THE BLOG
07/27/2015 04:22 pm ET Updated Dec 06, 2017

Inside Wine: Beauty in the Bottle

Sondra Barrett

Do you like wine yet are intimidated by all the wine geek speak to talk about it?

After decades of enjoying, learning about, and photographing wine, I still lack the words of the wine aficionados. A few weeks ago, there was a tasting with a friend who described the wine as tasting red. I agreed. Why not let your imagination loose to help you get inside wine and let go of worrying about how to talk about it? Have fun with it. After all where do all those weird words come from if not from someone's very vivid imagination?

Once upon a time I was a medical scientist who researched leukemia cells with the microscope to develop ways to improve diagnosis and follow treatment. Yet seeing a surprisingly beautiful exhibit of chemicals of the brain photographed through a microscope, I soon began photographing whatever I could get my hands on such as flowers, herbs, vitamins, minerals, and hormones. I first shared this microscopic photography in slideshows for children with cancer - to show them the beautiful stuff of life that was part of them.

2015-07-25-1437866126-398992-570VitaminB12.jpg

VITAMIN B12

Wine entered the picture unexpectedly when I was invited to apply to be artist-in-residence for a large Napa Valley winery. For my interview I photographed my first wine; the winemaker told me that the photo looked like his wine tasted. 2015-07-25-1437866251-1603402-5701stMerlot.jpg

WINE A

He saw the picture as expressing his taste experience of the wine. That was all I needed to launch myself into the unlikely avocation of capturing the inner wine.

Are these photographs of wine merely abstract beauty or can they tell us more? I sometimes calling the images wine Rorschach - what do you see in a photomicrograph of wine? How does the picture speak to you?

I invite you take a few minutes to have a little fun and explore some inner beauty of wine to imagine what these wines would taste like. I'll provide you with a little visual vocabulary. Consider the words often used when we taste or sip wine - sweet, soft, sharp, harsh, flat. Here are photographs of sweet table sugar, sour malic acid of unripe fruit and bitter caffeine.

SWEET2015-07-25-1437866395-6651086-570sucrose.jpg

SOUR2015-07-25-1437866486-5418782-570Malicacid.jpg

BITTER2015-07-25-1437866449-8577464-570caffeine.jpg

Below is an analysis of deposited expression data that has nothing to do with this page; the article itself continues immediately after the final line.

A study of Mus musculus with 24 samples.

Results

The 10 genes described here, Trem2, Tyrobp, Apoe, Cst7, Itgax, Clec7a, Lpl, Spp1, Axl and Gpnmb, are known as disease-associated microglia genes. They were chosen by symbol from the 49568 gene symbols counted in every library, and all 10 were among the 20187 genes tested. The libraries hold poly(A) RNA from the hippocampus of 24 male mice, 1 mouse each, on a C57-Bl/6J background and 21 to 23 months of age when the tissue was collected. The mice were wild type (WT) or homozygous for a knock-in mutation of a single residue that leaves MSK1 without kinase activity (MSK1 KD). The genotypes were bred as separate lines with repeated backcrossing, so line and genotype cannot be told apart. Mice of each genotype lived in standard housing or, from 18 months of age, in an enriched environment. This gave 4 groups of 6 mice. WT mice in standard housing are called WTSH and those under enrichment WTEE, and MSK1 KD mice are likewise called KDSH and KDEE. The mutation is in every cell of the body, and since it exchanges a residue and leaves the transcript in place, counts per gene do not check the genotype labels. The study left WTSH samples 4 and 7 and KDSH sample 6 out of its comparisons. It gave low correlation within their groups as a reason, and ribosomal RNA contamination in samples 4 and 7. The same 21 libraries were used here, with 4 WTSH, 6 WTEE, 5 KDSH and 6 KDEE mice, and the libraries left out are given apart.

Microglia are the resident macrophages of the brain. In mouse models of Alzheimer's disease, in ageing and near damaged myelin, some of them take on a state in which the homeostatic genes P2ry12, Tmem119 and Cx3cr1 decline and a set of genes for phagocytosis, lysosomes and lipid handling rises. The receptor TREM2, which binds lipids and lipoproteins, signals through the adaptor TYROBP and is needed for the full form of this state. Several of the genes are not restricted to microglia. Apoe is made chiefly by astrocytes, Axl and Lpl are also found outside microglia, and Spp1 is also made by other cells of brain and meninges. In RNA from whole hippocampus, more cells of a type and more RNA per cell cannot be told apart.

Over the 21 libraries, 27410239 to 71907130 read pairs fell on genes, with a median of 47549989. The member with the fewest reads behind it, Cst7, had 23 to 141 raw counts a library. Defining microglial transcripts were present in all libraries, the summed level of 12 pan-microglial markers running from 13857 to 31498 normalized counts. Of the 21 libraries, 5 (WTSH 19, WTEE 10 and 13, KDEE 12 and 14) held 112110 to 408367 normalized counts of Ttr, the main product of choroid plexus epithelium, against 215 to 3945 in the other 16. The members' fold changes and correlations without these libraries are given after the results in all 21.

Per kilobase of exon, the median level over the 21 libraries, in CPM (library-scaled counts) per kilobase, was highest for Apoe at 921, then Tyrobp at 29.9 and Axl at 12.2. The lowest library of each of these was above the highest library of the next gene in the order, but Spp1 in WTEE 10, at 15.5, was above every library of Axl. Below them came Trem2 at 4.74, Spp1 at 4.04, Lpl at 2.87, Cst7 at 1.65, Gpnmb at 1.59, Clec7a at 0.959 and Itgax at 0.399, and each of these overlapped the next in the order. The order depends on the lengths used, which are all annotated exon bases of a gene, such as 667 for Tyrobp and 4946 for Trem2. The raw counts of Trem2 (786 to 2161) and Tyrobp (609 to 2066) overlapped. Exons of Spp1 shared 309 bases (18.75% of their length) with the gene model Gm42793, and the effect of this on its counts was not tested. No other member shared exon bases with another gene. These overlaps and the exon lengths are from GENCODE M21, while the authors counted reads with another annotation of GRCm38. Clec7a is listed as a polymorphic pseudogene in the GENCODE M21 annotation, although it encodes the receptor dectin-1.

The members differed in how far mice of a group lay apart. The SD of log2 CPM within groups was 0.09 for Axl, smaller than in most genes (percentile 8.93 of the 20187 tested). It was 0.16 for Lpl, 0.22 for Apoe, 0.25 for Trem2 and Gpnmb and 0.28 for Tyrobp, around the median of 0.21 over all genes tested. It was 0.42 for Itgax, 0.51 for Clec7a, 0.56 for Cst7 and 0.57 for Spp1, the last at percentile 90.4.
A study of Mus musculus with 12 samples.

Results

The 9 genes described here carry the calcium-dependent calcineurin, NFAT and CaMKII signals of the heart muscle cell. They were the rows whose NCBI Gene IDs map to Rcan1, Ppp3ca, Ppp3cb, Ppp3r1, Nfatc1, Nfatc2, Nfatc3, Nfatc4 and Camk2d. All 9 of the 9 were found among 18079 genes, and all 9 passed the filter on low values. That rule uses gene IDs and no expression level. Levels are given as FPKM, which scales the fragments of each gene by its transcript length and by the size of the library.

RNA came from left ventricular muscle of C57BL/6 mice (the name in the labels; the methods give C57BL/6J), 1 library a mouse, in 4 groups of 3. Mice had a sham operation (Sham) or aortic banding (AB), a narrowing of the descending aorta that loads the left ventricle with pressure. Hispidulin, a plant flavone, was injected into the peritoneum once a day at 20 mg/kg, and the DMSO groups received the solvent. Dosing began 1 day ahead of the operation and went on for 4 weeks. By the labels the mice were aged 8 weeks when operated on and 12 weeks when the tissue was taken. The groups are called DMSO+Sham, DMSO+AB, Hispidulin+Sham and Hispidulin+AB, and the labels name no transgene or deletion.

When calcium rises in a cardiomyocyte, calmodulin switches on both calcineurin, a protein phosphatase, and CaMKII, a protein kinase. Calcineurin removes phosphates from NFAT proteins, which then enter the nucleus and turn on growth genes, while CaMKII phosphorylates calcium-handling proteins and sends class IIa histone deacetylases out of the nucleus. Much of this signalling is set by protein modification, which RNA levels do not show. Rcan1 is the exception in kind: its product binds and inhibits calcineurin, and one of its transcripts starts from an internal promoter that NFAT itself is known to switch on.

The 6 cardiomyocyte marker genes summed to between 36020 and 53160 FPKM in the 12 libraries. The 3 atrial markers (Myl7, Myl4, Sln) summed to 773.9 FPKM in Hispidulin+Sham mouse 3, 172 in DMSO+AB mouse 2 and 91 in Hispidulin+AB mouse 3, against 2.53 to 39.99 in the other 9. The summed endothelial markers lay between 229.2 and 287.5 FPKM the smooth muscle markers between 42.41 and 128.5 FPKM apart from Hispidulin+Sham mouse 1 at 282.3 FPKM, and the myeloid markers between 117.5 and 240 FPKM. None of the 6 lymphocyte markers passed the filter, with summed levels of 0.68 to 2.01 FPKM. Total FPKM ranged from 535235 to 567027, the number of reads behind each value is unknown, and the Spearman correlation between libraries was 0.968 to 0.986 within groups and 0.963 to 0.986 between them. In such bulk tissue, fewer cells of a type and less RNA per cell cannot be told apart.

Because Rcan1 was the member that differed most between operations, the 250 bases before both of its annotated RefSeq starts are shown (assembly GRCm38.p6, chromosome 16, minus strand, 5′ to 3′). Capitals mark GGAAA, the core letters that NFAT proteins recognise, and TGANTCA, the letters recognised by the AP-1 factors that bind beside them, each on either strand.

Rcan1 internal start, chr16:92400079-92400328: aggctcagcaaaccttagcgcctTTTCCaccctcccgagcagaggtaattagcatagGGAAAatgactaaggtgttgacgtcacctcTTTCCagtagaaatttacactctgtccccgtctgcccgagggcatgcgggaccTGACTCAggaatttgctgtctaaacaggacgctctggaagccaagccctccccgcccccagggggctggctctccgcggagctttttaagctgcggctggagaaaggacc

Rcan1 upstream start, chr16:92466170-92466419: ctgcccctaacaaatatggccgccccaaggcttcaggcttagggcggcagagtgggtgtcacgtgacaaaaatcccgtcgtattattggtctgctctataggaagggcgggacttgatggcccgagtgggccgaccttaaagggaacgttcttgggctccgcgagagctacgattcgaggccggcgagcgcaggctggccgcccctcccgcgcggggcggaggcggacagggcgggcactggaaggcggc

What do you think a wine that expressed one of these images would taste like? Please feel free to comment below. 2015-07-25-1437866548-6501950-570youngsharpinglenookcab1y.jpg

WINE B

2015-07-25-1437866659-9964310-570SBsauvignonbl.jpg

WINE C

2015-07-25-1437867663-6996572-570quintessa.jpg

WINE D

Would you expect A to be soft or sharp, what about B? Which of these ABCD would be the simplest, the most complex? Which do you think you would like the best just by its picture - is it worth a thousand words?

What I discovered for myself and my wine preferences: I rarely like sauvignon blanc and the fairly consistent inside pattern of many sauvignon blancs - they are very angular, sharp and lean. So I don't like pointy wines. In some ways you can consider that your intuition and imagination are confirmed by the inner expressions of a wine. At least that's one idea.

Tasting tips
1. When you swirl the wine in your glass, take a few moments to smell it - do any pictures come to mind before you even taste?
2. Sip a little, now what do you see or sense?
3. Don't like it? Try eating a bit of cheese. Your experience of wine always changes with food.
4. Still don't like it? Try putting a little salt or a squeeze of lemon on the food, then taste again.
5. Love it? To help you remember what you like, photograph the label and take a few inner moments to reflect on what about this wine makes you like it.

Cheers!
Breaking the visual wine tasting code.
One of the wines is a soft merlot, another is a very young and a bit harsh cabernet sauvignon, another is an older complex rich cabernet sauvignon blend of Bordeaux grapes (cabernet sauvignon, merlot, petite verdot), biodynamically grown, and there is one white wine in this group -- a simple crisp sauvignon blanc.

You can explore more wine beauty in my book Wine's Hidden Beauty and on my website.

In a future post I'll talk a little about where our words come from, more food for thought. Read Carol Yoon's book Naming Nature to learn more.